Energy Reality Check: School Energy Reduction Is More Than a 'Facilities Problem,' Why Superintendents Should Take Notice
Energy and maintenance cost avoidance is possible through sustained energy management and improved energy use behaviors. Superintendents and school board members need to consider why people remain vital to achieving school energy reduction goals.
Why Limiting School Energy Reduction Initiatives to Facilities Managers Falls Short
School energy reduction may appear as a facilities problem, but it is much more involved than that. The best energy-efficiency improvements in the world, including automation, have limitations to the ability to reduce energy use. Since people use energy, not buildings, a program devoted solely to changes in facilities management will always fall short. Thus, superintendents must understand the role of people in driving true energy cost avoidance.
School Energy Reduction Extends Beyond the Facilities Management Department
The conversation for school energy reduction happens around many factors. Assets must perform at optimum levels. Vacancy run time adds to unnecessary expenses. Poor maintenance leads to sub-par performance and higher total cost of ownership. While upgrades may help, encouraging energy conservation contributes to better savings and performance throughout district buildings. In addition, creating an energy management program and a culture of change throughout the entire district footprint will further drive cost avoidance. It is not enough to deploy changes in a single building as the entire use portfolio determines energy use costs.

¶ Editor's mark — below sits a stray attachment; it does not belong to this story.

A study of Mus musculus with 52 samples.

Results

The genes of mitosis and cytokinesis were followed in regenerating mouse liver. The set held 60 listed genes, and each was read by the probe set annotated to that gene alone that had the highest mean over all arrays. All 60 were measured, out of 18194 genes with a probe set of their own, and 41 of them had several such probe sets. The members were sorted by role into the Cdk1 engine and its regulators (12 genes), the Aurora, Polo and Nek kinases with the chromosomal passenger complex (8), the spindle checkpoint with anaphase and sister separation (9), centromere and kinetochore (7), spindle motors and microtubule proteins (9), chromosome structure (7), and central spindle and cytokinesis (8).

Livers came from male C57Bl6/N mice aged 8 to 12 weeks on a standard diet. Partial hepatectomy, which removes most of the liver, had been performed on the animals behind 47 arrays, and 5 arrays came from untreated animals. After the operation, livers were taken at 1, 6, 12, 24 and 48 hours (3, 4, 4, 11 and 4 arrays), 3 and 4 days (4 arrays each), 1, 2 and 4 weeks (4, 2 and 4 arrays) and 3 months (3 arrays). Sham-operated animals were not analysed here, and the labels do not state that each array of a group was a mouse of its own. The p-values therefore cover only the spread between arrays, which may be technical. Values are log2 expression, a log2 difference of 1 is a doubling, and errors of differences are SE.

Additional Ways Superintendents Affect Program Performance.
Superintendents can work to enhance program performance in these critical ways:
Top-Down Behavioral Change Drives Energy Cost Avoidance
A top-down behavioral change encourages energy-efficient use behaviors from those in positions most admirable to staff and students. The hierarchy avoids the appearance of a disjointed program, and it helps everyone to make actionable changes in the school and at home. This builds a community-wide effort to improve sustainability.
Advanced, Easy-to-Use Interfaces and Multi-Layered Data Analytics Appeal to Superintendents and School Board Members.
Advanced dashboards and multi-layered data analytics, including descriptive, predictive and prescriptive analytics, empower superintendents and Facility Managers to make data-driven decisions.
Demonstrating Data Ensures Continued Support for District-Wide Energy Management
Demonstrating data through changes in energy use behaviors, as well as real-time monitoring and correction of energy anomalies, continues to build support for energy improvement in the district.
Superintendents Leverage Benefits to Reinvest in the Planet, Student Educations, and the District
Improved environmental responsibility. Increased environmental responsibility offers a multi-pronged benefit of both sustainability in the classroom and long-term sustainability practices among staff and students after retirement or graduation.
Increased comfort. When students are comfortable, learning improves. Instead of focusing on being too cold or too hot, students can focus on course objectives, exams, and studies.
Cost reductions due to better maintenance practices. According to Bridget Kellam, Cenergistic Energy Specialist, "I work throughout the week and weekend. I make sure the facilities are well-maintained, especially with the number one challenge changing." Her view emphasizes how better energy performance and saving money for Park Hills Schools, Missouri. In fact, one month's savings at Parkhill during the early rollout were equal to a full year's salary for a teacher.
Keeping School Leaders Involved Builds Long-Term Support for Changes.
Keeping school leaders involved in energy management is crucial to long-term results. Since the cost avoidance portfolio of a district waxes with age, maintaining systems and leveraging available resources, including the Energy Specialist, will go a long way in ensuring the renewal of contracts and continued use of energy conservation services.